The Great Shah-n-Shah, the King of Kings, Master of the Earth Xerxes, the Lord of the Four Quarters dismissed them (the Greeks) as a gaggle of impudent rabble rousers. It was a mistake his predecessors and ancestors also had made. The Lord of the Four Quarters descended upon the Greeks with an army and navy of over a million men, the legend says. One year later his armada lay at the bottom of the sea and the bones of his soldiers lay scattered all over Greece. Ever a fractious bunch, the ancient Greeks could pull together when occasion demanded and perform incredible feats. But many suspected that it was, in fact, their perennial fractiousness that propelled them to their landmark accomplishments in war, politics, art, architecture, philosophy and theology.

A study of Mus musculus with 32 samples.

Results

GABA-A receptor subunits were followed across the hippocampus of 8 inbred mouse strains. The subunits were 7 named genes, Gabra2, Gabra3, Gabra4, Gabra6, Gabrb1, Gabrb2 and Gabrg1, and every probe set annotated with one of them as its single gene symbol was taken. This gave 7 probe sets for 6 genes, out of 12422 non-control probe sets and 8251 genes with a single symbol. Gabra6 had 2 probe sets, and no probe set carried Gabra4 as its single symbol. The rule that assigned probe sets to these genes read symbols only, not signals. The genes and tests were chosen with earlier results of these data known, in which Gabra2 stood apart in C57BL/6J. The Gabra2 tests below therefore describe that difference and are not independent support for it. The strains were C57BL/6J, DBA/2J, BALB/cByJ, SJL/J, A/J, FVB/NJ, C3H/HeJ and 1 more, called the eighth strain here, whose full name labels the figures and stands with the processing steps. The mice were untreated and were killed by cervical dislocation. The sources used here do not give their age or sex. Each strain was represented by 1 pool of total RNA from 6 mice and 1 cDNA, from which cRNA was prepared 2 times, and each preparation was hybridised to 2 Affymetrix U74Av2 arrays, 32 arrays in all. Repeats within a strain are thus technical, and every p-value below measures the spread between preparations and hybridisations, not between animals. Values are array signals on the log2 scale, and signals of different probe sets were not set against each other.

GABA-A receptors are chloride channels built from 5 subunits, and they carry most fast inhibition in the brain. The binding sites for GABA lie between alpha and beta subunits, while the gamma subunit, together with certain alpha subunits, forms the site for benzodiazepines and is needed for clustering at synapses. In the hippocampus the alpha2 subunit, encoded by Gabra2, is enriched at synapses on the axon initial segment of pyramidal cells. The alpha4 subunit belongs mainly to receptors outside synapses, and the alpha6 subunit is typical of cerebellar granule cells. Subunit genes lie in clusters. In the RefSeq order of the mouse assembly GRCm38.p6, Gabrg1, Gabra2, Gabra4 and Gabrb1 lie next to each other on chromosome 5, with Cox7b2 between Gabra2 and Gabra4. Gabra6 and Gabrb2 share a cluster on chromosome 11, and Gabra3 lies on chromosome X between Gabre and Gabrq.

They worshipped the same gods, they spoke mutually intelligible dialects, they had a common literary heritage, they all hailed Achilles as the greatest of warriors, they traded with one another, and they warred against one another. Not until the “semi-barbaric” Alexander brought them to heel did the land of the Greeks feel the winds of peace – but only briefly.
In this series of lectures we will trace the rise and fall of ancient Greek civilization from its Bronze Age beginnings in the Aegean to the three-continent empire of Alexander the Great; and, finally, examine the continuing legacy of ancient Greece.
The lectures will be richly illustrated with images, and course material will include detailed lecture notes and an extensive syllabus including maps and ground plans.
Ancient Greek Civilization
Lecture notes outline available as a printed book from Amazon.com.